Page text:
Catholic clergy walk during the Washing of the Feet procession at the Church of the Holy Sepulchre, traditionally believed by many Christians to be the site of the crucifixion and burial of Jesus Christ, in Jerusalem, March 29, 2018.

Israeli authorities said Thursday that they have decided to block most of Gaza’s small Christian community from entering Israel for Easter celebrations, citing security concerns.

Israel maintains a blockade over the Hamas-ruled Gaza Strip and restricts entry from the territory. But it often eases the restrictions during religious holidays to allow Gaza’s residents to visit holy sites in Jerusalem or to visit relatives in Israel or the West Bank.

Archbishop Pierbattista Pizzaballa washes the foot of a priest during the Washing of the Feet ceremony at the Church of the Holy Sepulchre, traditionally believed by many Christians to be the site of the crucifixion and burial of Jesus Christ, in Jerusale
Archbishop Pierbattista Pizzaballa washes the foot of a priest during the Washing of the Feet ceremony at the Church of the Holy Sepulchre, traditionally believed by many Christians to be the site of the crucifixion and burial of Jesus Christ, in Jerusale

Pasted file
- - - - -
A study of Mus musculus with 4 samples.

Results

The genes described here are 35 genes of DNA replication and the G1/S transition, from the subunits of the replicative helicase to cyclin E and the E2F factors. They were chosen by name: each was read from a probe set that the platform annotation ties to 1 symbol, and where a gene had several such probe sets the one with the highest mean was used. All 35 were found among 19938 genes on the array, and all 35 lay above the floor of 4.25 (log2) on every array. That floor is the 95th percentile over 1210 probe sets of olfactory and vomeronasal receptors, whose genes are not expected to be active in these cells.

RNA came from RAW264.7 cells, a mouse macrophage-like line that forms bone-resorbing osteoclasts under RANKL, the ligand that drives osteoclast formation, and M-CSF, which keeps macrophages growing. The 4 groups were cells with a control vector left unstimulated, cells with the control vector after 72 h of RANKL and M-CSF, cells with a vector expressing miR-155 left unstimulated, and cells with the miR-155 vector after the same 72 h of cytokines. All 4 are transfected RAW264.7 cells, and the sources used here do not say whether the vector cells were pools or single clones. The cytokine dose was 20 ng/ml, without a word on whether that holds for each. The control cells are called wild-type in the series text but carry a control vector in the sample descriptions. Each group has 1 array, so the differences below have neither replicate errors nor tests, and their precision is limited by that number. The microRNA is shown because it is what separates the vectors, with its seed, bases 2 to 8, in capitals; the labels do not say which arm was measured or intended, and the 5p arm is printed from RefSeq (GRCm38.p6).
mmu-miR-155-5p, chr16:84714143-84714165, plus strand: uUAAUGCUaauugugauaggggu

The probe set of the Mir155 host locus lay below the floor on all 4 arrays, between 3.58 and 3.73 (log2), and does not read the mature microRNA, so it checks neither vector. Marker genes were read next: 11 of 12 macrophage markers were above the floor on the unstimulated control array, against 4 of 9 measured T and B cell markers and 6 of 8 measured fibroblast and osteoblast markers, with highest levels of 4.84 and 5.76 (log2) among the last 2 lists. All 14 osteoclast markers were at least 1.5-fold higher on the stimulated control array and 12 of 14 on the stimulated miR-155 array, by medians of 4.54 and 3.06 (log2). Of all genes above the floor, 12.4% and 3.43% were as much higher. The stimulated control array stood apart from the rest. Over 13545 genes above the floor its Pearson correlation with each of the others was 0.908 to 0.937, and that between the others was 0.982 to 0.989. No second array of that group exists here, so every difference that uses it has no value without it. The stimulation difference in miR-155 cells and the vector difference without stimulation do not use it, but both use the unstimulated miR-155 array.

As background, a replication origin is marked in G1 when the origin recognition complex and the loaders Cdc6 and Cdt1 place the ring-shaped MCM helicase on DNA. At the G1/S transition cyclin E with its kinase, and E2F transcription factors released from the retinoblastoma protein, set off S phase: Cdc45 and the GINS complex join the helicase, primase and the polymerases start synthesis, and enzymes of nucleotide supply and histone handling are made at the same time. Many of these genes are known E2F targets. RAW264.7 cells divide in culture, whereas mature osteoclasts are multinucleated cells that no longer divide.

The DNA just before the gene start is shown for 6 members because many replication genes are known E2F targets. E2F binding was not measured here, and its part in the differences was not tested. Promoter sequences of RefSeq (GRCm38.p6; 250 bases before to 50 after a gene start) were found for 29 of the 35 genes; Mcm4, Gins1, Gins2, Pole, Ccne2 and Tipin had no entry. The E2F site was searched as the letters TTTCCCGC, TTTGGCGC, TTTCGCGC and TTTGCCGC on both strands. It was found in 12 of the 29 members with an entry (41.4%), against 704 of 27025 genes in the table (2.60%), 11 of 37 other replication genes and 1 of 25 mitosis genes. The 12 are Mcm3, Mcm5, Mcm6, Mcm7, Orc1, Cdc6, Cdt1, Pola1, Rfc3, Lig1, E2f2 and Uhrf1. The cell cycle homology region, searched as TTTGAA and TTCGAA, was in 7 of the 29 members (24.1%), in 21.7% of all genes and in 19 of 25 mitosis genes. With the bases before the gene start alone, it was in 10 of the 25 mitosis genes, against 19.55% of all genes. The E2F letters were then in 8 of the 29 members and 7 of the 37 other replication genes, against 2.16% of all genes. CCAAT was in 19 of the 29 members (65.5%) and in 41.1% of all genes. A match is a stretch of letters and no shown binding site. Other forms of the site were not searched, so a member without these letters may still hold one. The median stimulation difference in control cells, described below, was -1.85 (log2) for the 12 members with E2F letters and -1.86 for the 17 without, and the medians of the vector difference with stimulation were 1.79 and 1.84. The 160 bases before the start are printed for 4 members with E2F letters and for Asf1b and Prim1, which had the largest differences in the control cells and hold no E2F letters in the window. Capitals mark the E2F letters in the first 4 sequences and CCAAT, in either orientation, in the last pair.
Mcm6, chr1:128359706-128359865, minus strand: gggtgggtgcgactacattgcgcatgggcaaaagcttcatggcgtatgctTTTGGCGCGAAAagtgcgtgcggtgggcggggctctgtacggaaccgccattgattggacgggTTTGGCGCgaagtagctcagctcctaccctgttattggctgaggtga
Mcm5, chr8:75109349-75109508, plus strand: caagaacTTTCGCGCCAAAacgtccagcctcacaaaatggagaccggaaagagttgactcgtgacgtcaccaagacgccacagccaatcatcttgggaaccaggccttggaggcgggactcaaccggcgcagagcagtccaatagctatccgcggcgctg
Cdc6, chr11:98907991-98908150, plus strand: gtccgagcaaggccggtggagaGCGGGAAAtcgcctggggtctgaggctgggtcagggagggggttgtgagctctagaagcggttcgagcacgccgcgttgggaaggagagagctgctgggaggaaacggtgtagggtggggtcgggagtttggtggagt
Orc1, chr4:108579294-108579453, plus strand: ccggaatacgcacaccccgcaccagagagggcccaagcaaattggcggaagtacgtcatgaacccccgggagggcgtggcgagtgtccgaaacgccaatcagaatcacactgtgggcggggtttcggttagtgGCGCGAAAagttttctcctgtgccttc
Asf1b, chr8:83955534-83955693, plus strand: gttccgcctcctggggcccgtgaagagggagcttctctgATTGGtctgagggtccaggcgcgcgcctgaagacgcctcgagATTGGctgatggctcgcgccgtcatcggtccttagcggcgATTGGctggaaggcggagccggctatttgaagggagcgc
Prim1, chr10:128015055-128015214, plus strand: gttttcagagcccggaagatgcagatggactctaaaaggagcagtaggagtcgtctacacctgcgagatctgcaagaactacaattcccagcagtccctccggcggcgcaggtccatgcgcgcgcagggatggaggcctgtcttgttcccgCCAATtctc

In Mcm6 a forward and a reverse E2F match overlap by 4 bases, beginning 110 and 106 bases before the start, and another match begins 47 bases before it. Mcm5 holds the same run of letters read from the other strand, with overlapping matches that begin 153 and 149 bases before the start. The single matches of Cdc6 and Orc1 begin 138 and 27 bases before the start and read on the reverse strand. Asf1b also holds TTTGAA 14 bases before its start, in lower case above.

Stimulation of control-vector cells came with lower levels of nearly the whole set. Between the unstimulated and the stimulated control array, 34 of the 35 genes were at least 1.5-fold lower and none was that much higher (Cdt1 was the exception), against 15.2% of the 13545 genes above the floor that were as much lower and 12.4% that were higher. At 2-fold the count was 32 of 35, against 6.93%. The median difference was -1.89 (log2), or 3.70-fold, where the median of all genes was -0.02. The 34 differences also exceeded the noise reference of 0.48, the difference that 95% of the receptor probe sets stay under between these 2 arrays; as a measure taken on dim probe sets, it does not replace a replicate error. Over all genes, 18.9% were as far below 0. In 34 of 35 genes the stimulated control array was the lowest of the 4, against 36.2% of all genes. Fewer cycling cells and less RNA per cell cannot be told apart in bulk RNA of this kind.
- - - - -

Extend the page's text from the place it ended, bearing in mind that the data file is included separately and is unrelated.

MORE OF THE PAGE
COGAT, the defense body that oversees Palestinian civilian affairs, said it will let only Christians age 55 and older and children younger than 16 enter Israel for Easter, which is celebrated by Catholics on Sunday and Orthodox Christians the following week. It said the restrictions were needed after previous cases in which Gazan visitors overstayed their permitted time in Israel.

A Christian leader in Gaza said the restrictions mean that only about one-third of the community’s 1,100 members will be allowed into Israel to celebrate. He said he was disappointed because his children would not be able to see their aunts in the West Bank city of Ramallah. He spoke on condition of anonymity because he did not want to jeopardize his own entry permit.

Wadie Abunassar, a Catholic Church official, called the restrictions “very sad” because Easter is a family holiday. He said it was “not reasonable” to allow a mother and father to enter Israel, while “leaving their children back in Gaza,” and urged Israel to reconsider.

“If people want to leave, they don’t want to leave for a honeymoon,” he said. “It is for a family trip.”